Globally the deforestation of tropical rain forests is a major contributor to climate change, as felled and burned trees and vegetation release methane and other greenhouse gases into the atmosphere. Recently the palm oil expansion has been on Indonesian and Malaysian peat swamps and when they are cleared and drained they release enormous amounts of carbon dioxide into the atmosphere. Up to 66% of all climate change emmisssions from palm oil plantations come from the 17% of plantations on carbon-rich peat soils.

The effects of clearing and production of palm oil causes more than just degradation of the land & elimination of critical habitat for endangered species but also for local people who are robbed of their land and livelihoods, and deprives them of essential ecosystem services like clean water and fertile soils.

Smoke haze and fires make it hazardous for those living close and further afield as the smoke haze spreads.

Over 90% of orangutan habitat has been destroyed in the last 20 years.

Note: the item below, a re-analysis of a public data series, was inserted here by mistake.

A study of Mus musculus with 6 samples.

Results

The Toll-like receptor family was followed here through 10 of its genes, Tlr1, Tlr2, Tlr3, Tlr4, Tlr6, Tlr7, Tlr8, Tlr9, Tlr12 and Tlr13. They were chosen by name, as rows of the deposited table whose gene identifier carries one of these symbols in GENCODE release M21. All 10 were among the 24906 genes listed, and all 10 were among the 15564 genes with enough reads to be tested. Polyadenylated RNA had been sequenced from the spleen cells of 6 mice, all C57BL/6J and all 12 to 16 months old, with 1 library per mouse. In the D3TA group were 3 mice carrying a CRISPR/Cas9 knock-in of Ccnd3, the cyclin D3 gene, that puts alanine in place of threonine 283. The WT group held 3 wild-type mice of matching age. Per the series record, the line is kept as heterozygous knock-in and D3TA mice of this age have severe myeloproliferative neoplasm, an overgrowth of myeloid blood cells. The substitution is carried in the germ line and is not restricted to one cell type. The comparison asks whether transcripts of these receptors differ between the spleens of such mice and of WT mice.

Other megafuana that suffer as a result of palm oil development include species like the Sumatran Tiger, Sumatran Rhinoceros, Sun Bear, Pygmy Elephant, Clouded Leopard & Proboscis Monkey. Road networks that are constructed to allow palm oil plantation workers and equipment access to the forest also increase accessability of these areas to poachers that are looking for these valuable animals.

Palm oil is native to west Africa and production was considered small scale but the degradation and despoiling of Indonesia & Malaysia have investors flocking to west Africa to secure land for rival plantations.

Large scale palm oil plantations in Africa are already causing serious environmental and social impacts in some countries, resulting in loss of community rights over territories.